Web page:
Forever Chemicals- It’s What’s for Dinner
It might come as a shock to most Americans to learn that the foodware we’re eating from could contain hidden chemicals linked to cancer, thyroid disease, birth defects, hormone disruption, decreased fertility and other serious health issues. From disposable plates, to take-out containers, to compostable containers, CEH has found Per-and polyfluorinated substances (PFAS) in many types of single-use foodware. Known as “forever chemicals” because of the human body’s inability to break them down, PFAS are now in the blood of 99 percent of Americans, which is cause for concern.
With so many different brands and types of disposable plates available in stores and online, how do you know which are the safest to use? And when it comes to take-out containers, do you really have a choice? Most likely you’re going to have to take what the restaurant provides. When we think about compostable or recyclable disposable containers, we think: convenient and environmentally-friendly. Well, think again.
With news of the European Union, Canada and now most recently China – taking steps to phase out single-use plastics, the obvious solution will be to switch over to compostables, right? Wrong.
Are compostables the answer?
Per-and polyfluorinated substances (PFAS), more affectionately known as “forever chemicals”, are used in some single-use foodware, even compostables to make them water and grease-resistant. PFAS chemicals are used in a wide range of products that they are showing up everywhere – in people, our water, food, and even in cats and dogs. Exposure to this family of chemicals has been linked to a concerning array of health problems, including cancer, liver damage, decreased immune response, and decreased fertility.
With our fast-paced lifestyles, many of us come into contact with disposable foodware everyday – whether it is at our local coffee shop, restaurant, or at a social gathering. Most people have been surprised to discover that PFAS chemicals are found in the very food containers that have garnered a reputation as “environmentally preferable,” in part because they had been otherwise considered compostable. The Center for Environmental Health (CEH) has some useful materials to help you make your food service more sustainable and move away from these extremely persistent chemicals.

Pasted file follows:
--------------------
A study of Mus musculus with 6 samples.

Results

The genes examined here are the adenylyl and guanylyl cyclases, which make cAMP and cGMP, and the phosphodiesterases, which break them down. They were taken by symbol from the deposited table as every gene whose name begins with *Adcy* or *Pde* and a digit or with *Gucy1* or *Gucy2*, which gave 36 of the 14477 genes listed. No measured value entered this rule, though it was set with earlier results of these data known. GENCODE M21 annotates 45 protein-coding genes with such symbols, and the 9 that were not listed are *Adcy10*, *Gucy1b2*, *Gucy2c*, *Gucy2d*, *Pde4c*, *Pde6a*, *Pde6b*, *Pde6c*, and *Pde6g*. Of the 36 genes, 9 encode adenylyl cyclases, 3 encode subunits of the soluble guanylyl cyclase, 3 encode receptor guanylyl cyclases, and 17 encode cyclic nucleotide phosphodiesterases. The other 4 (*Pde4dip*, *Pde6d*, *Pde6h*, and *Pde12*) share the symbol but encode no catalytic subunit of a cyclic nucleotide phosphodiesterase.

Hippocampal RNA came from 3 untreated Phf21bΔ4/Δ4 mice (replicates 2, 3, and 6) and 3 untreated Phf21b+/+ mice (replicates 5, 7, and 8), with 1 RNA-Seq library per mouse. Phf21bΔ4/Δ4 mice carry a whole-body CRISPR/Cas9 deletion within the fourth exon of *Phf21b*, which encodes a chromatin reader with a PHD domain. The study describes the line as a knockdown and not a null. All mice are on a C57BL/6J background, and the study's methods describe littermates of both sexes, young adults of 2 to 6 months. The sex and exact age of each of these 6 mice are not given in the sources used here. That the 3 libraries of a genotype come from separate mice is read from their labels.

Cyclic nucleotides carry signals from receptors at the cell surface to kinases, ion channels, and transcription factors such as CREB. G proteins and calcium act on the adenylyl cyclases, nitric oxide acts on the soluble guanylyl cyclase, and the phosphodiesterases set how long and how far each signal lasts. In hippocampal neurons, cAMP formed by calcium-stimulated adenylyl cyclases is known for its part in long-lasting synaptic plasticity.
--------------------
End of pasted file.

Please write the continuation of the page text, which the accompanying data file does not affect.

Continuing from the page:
Look for products certified by the BPI
If you have access to a commercial composting facility that accepts food packaging and you’re planning to buy compostable products, please look for food containers that are certified compostable by the Biodegradable Products Institute (BPI). BPI has revised their standard so that now, only compostable single-use foodware without PFAS chemicals will be included on their list of certified products. Next, you will need to confirm with your composter that they will actually accept the products that you are interested in using. You can also request that your local restaurant do the same.
- CEH’s infographic, Healthier Food Serviceware Choices, provides a quick explanation of the problem with PFAS chemicals and how to chart a path to the greenest solutions.
- For more detailed information, please consult our report Avoiding Hidden Hazards: A Purchaser’s Guide to Safer Foodware.
- Finally, consult CEH’s Foodware Database, to look up information about the presence of PFAS in hundreds of specific products.
If you are interested in any foodware products that are not yet listed in our online database, please contact us at firstname.lastname@example.org for more information.
One other note: CEH does not recommend using polystyrene food containers or food packaging (both polystyrene foam, which is often referred to as Styrofoam, or the rigid plastic). Our factsheet on polystyrene food containers highlights the health and environmental concerns with these products.